Le diabète de grossesse

Gestational diabetes

For a pregnant woman, it is only normal to hope that the pregnancy unfolds smoothly and without a hitch. However, some illnesses can develop when a woman is expecting a child, such as gestational diabetes. Gestational diabetes is a usually moderate increase of blood-sugar levels that is first diagnosed during pregnancy. This abnormal blood-sugar level is often detected after the first trimester and, just as often, returns to normal after childbirth. Getting an early diagnosis during pregnancy contributes to reducing the consequences of this disease.

About 4% of pregnant women suffer from gestational diabetes, which appears towards the end of the second trimester or in the third trimester. Although it does not affect the rate of malformations in babies, gestational diabetes can cause women to have more difficulty giving birth, and the baby can also have issues. In addition, the baby’s birth weight can be higher. Gestational diabetes occurs in some women because the placenta produces hormones, which reduce the effect of insulin and can lead to hyperglycemia (higher blood sugar).

Risk factors for developing gestational diabetes include, notably:

  • being over 35 years of age;
  • having a family history of diabetes;
  • being obese before pregnancy;
  • having had gestational diabetes in a previous pregnancy;
  • previously having given birth to a baby weighing over 4 kg.

Symptoms and detection

A pregnant woman suffering from gestational diabetes usually doesn’t have many symptoms. But if they do manifest, they can consist of:

  • unusual tiredness;
  • feeling unusually thirsty;
  • increase in urine production.

If you are noticing any unusual symptoms during pregnancy, speak to your doctor.

It is advisable that all pregnant women take a diabetes test between the 24th and 28th week of pregnancy; this allows to detect diabetes at the right time in order to prevent possible complications. Women who are at risk may be advised by their doctor to take the test during the first trimester in order to quickly start treating hyperglycemia. The test consists of taking 50 g of glucose and measuring blood levels one hour later. Your doctor may ask you to take a second test or to check your blood-sugar levels at home for a few days to validate the results and confirm whether you have diabetes.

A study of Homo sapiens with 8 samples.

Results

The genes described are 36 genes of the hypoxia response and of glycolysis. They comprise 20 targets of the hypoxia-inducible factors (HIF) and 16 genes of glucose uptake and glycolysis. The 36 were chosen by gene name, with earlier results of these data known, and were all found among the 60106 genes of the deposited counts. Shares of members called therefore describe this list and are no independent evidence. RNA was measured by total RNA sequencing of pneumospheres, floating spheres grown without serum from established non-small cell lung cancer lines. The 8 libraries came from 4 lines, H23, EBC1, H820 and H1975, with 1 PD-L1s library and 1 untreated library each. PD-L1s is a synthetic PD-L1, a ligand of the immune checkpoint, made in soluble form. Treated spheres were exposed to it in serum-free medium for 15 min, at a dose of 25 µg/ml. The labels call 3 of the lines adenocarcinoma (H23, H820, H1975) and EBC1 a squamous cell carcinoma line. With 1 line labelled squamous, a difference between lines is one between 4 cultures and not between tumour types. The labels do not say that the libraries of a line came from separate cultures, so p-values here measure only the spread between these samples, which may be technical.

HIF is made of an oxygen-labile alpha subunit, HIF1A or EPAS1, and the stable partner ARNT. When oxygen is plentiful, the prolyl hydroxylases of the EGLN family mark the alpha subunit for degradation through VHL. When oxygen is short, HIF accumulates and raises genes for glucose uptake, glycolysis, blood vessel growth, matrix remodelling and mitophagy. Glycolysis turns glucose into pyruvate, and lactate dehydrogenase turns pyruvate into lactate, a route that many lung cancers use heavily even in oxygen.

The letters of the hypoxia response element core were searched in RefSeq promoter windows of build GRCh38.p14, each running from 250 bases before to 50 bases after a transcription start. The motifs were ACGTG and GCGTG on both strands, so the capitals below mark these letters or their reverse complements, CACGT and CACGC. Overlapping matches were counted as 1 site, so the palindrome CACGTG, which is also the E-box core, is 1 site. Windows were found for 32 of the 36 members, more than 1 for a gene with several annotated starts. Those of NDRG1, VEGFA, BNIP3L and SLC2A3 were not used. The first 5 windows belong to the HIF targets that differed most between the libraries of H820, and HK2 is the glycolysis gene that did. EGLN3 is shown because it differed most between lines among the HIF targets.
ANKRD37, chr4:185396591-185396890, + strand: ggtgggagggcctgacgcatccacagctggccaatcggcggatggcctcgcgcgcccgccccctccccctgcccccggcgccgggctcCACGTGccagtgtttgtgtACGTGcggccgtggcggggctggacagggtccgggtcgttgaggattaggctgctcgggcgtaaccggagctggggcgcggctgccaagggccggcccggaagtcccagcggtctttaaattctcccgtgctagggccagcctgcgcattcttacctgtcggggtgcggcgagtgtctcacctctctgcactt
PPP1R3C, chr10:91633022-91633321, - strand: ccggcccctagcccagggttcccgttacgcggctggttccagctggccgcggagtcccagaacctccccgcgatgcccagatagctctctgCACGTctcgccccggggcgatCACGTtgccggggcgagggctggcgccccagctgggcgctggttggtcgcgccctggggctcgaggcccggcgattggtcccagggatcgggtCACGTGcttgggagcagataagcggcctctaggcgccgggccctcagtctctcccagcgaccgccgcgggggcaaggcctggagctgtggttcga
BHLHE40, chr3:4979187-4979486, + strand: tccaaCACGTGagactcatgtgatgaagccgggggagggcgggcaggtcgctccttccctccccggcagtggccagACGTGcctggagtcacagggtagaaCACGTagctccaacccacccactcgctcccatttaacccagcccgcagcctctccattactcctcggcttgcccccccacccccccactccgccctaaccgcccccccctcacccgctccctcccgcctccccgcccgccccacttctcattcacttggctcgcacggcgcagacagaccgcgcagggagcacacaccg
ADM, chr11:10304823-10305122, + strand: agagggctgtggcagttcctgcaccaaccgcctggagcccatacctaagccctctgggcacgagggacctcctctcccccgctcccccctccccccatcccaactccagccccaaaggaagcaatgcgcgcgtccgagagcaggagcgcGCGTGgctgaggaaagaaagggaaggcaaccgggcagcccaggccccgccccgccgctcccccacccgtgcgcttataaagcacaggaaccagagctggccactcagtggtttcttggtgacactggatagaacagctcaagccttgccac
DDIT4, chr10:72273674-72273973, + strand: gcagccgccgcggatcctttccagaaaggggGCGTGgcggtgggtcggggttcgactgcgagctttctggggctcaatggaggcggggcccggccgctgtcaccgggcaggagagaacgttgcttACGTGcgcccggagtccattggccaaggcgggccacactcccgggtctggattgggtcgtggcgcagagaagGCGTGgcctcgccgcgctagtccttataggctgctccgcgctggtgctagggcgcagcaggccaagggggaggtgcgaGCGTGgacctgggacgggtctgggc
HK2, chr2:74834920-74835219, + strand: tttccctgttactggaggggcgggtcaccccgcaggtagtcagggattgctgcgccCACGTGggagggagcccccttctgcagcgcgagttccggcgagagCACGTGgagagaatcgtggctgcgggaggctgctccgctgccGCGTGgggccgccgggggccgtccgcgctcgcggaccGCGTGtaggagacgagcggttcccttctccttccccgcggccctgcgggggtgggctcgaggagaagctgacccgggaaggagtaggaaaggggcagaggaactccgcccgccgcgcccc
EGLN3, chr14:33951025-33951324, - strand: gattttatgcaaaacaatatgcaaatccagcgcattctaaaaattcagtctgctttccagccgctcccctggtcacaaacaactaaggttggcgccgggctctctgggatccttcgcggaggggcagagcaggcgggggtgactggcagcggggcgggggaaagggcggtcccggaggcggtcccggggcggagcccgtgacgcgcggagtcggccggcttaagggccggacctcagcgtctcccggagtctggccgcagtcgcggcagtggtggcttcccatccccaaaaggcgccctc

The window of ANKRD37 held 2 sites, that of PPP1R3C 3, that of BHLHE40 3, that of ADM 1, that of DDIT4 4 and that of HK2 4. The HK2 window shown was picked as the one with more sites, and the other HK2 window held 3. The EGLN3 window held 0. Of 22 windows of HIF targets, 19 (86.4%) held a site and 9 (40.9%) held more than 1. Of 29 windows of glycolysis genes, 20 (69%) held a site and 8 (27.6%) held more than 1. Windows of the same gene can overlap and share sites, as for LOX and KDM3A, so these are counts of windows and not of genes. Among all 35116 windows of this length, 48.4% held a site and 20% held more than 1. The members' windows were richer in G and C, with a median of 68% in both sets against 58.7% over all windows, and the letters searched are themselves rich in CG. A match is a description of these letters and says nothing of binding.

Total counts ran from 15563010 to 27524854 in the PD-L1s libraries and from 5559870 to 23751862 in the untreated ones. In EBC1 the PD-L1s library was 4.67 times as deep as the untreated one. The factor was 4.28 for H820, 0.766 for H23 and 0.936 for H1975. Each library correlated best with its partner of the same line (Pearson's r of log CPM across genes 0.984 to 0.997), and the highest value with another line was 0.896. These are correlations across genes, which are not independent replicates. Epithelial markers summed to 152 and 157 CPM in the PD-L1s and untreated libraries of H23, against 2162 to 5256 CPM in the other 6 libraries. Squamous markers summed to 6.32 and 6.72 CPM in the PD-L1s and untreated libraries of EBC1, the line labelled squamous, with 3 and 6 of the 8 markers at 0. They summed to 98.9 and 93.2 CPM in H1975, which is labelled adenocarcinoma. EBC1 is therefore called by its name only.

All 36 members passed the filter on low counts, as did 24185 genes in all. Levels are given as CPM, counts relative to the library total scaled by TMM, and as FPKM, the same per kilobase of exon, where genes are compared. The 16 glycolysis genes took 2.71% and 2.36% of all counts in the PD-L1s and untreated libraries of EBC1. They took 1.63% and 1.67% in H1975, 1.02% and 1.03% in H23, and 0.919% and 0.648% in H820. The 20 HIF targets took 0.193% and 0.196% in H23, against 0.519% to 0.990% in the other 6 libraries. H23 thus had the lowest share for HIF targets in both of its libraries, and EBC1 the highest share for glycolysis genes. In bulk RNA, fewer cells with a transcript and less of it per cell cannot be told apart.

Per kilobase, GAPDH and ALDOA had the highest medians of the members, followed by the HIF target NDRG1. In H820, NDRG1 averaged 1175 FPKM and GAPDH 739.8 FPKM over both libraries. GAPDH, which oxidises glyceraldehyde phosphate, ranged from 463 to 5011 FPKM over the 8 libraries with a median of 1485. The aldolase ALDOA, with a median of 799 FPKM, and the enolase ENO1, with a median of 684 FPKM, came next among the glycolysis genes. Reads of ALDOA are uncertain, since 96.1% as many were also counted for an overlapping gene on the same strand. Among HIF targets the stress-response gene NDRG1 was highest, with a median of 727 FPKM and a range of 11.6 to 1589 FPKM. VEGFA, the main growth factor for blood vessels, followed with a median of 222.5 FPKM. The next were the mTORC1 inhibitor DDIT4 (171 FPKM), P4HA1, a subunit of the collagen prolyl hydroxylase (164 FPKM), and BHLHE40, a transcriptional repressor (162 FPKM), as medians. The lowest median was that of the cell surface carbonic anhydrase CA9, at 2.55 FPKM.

Treatment

Treatment is usually based on improving eating habits and physical activity; often, these simple measures are enough to control blood-sugar levels. It is therefore essential to meet with a nutritionist who will help you make better food choices. Your diet must be balanced and sufficient in quantity to meet the nutritional needs of both yourself and your baby. Regular exercise, such as walking 30 minutes a day, is also highly beneficial to control diabetes.

However, if blood-sugar levels remain too high, your doctor will prescribe insulin injections. This is the most effective and safest treatment to have been studied for pregnancy. Your health-care team and your pharmacist will be there to teach you how to use them and to answer all of your questions.

Childbirth and nursing

When it’s time to give birth and get to the hospital, you’ll be taken care of the same way a woman without gestational diabetes would. However, the medical staff will keep an eye on your blood-sugar levels during labour and give you treatment, if needed. You should also note that your baby’s blood-sugar levels will also be followed after his or her birth.

As is the case for other new mothers, nursing is highly recommended, if the mother wishes to do so. While nursing, your diet should stay the same as in pregnancy; it is important to not go on any drastic diets at this time.

The risk of developing type 2 diabetes

A few months after childbirth, your doctor will measure your level of blood sugar to see if it has returned to normal. Usually, gestational diabetes disappears after childbirth, but if your level of blood sugar is still high, your doctor will tell you about treatment options. However, the risk of developing type 2 diabetes will increase in the following years, especially in women who are overweight. This is why adopting a healthy lifestyle is recommended to prevent this condition from occurring later in life. Again, having a balanced diet to aim for a healthy weight and regular exercise will allow you to reduce this risk.

Because gestational diabetes often does not cause any particular symptom, early detection is an excellent strategy to limit its consequences. If it turns out that you do have the condition, don’t worry. Simple changes to your daily habits will not only benefit your health, but will also contribute to getting you in the best shape possible for your awesome new role: being a mom!